FRBM Act

8th May – FRBM Act

FRBM Act

With the States at the forefront in battling the COVID pandemic, it is clear that they should be equipped with more resources than are available at their disposal. It is, therefore, odd that the Chairman of the 15th Finance Commission should be reading out the FRBM (Fiscal Responsibility and Budget Management Act) provisions to them.

What is FRBM Act?

  • Fiscal Responsibility and Budget Management (FRBM) Act was enacted by Parliament in 2003 to progressively cut fiscal deficit to 3 percent levels by 2008.
  • Fiscal deficit is when the government’s expenditure outgrows its revenues. Controlling fiscal deficit, thus meant, controlling the government’s wasteful expenditure.
  • Thus, the FRBM Act put limits on the fiscal and revenue deficit of the country by setting targets for both. These targets were to be monitored through the year by setting mid-year targets.
  • The government was to provide make a medium-term fiscal policy statement, fiscal policy strategy statement and macro-economic framework statement to Parliament.

NK Singh Committee –

In the year 2016, NK Singh committee was set up by the government to review the FRBM Act. The task was to review the performance of the FRBM Act and suggest the necessary changes to the provisions of the act. The recommendations of the committee read that the government must target a fiscal deficit of 3 percent of the GDP in years up to March 31, 2020, subsequently cut it to 2.8 percent in 2020-21 and to 2.5 percent by 2023. 

Escape Clause –

‘Escape clause’ generally refers to a contract provision that specifies the conditions under which a party can be freed from an obligation. The escape clause under the FRBM (Fiscal Responsibility and Budget Management) Act details a set of events in which the Central government can deviate from fiscal deficit targets. In 2018, the FRBM Act was amended to specify three conditions upon which the escape clause can be invoked.

  • First, over-riding considerations of national security, acts of war, and calamities of national proportion and collapse of agriculture severely affecting farm output and incomes.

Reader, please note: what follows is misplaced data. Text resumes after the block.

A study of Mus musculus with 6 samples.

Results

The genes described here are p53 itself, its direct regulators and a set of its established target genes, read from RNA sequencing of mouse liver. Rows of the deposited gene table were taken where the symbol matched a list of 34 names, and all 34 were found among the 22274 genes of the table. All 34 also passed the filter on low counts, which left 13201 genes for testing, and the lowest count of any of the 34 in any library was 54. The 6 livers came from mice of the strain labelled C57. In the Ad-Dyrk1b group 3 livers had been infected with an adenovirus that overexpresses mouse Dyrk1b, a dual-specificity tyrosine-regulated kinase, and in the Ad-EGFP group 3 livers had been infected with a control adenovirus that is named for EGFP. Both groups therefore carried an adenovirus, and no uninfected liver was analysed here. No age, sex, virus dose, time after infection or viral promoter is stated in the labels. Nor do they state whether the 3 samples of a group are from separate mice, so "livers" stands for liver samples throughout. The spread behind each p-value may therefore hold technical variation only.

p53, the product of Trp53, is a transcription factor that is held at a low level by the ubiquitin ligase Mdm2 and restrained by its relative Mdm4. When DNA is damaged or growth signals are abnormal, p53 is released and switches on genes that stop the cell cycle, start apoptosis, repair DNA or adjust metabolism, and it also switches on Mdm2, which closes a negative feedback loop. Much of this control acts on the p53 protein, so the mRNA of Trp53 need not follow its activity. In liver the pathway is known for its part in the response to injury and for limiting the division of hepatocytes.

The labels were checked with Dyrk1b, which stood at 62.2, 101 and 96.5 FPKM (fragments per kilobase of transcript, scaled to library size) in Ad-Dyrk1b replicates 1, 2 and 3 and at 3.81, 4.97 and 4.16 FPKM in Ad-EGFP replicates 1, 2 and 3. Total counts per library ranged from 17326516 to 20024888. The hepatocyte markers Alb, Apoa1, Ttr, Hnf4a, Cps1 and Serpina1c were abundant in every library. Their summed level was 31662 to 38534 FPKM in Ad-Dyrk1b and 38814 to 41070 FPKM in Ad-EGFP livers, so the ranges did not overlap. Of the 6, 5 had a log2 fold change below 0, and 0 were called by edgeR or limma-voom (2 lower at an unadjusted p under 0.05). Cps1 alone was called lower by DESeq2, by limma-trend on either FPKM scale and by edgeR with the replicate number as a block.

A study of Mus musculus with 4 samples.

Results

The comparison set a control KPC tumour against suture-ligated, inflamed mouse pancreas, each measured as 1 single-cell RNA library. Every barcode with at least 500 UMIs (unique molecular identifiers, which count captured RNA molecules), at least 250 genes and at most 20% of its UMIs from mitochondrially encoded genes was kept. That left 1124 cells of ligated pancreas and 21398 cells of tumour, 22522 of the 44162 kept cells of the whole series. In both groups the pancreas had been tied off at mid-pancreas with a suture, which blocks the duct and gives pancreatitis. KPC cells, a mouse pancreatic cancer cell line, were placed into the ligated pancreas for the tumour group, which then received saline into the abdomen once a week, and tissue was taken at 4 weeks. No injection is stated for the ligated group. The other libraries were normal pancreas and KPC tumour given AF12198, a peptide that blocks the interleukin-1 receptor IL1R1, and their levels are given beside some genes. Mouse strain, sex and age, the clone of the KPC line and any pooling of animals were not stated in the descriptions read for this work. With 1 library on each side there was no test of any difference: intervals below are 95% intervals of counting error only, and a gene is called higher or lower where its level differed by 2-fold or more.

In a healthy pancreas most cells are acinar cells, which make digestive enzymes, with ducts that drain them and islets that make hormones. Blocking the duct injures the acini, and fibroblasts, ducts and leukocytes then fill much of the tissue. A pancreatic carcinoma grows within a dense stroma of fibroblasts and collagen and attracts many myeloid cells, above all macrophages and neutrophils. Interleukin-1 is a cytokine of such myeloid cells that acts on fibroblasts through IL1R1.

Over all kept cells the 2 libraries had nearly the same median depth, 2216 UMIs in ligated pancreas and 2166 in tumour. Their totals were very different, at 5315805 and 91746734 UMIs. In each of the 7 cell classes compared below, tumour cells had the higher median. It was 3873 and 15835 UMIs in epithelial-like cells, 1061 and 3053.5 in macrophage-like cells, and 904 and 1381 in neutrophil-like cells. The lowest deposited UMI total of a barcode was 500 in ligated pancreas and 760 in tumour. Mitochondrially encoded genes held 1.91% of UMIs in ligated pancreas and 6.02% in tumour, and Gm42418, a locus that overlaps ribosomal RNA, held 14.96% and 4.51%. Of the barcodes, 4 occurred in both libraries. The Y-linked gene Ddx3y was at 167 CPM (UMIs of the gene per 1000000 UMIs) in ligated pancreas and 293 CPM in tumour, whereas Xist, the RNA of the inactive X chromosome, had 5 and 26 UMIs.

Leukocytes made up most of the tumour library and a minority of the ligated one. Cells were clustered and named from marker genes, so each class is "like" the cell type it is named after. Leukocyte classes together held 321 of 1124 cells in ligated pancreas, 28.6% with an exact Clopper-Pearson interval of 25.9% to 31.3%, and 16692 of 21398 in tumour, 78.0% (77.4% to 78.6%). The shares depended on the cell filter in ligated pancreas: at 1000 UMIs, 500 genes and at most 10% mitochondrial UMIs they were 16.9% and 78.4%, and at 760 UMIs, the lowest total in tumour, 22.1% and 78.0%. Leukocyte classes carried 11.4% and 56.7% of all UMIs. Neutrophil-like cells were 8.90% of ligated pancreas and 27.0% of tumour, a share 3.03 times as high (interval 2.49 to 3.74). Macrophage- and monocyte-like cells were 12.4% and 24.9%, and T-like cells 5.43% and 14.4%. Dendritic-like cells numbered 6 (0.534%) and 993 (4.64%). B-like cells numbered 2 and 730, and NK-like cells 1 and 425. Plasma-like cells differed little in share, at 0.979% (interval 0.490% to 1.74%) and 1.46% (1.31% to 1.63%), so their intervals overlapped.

• Second, far-reaching structural reforms in the economy with unanticipated fiscal implications.
  • Three, a sharp decline in real output growth of at least 3 percentage points below the average for the previous four quarters. The FRBM amendments also mentioned that the deviation from the stipulated fiscal deficit target must not exceed 0.5 percentage points in a year.

However, these relaxations (escape clause) is not applicable for the states.

Analysis of the recent relaxations (during COVID19 pandemic)-

  • Union Government has provided the states with the additional 0.5 per cent leeway (in addition to 3 per cent of GSDP) provided to them under the Act to deal with extraordinary situations.
  • This is not enough to meet the extra demands being made on the government machinery. The fiscal stress is on account of both the ‘numerator’ and the ‘ denominator’ — namely, the rising difference between expenditure and revenue in the case of the former, on account of the sharp drop in revenues accruing to the States amidst rising social commitments; and a shrinkage in the GSDP in the case of the denominator.
  • The escape clause is likely to be breached without the State governments doing what is needed to alleviate immediate distress; forget planning for the long-term to bring about a ‘revival’. There are enough grounds to move an amendment to the FRBM Act, extending the scope of the escape clause.
  • The apprehensions that the gains of fiscal and financial reforms will be lost are misplaced; these rules are meant for normal situations, not emergencies.

Way forward –

  • Experts have pointed out, in the event of a solvency crisis in business and a demand crisis at large, a fiscal stimulus is the only instrument that can work; monetary policy cannot really go beyond addressing liquidity constraints.
  • The Covid shock on the fiscal apparatus of States has come on top of a stressed fiscal situation arising out of the prolonged slump in economic growth. SGST collections as well as Central transfers to the States have fallen short of Budget estimates.
  • The ‘ Ways and Means’ Advances limit has been relaxed, but this may not be enough. A one-time monetisation of the Centre’s deficit (the RBI buying government bonds directly from the primary market and releasing money) seems the best way forward.
  • The Centre, States, the RBI and the Finance Commission should work towards a plan on the possible extent of the deficit — which includes a roadmap to get back to a business as usual scenario.

SourceThe Hindu Business Line

QUESTION – What is FRBM Act? Should it be amended to give more fiscal space to the states to cope up with the COVID19-led economic stress?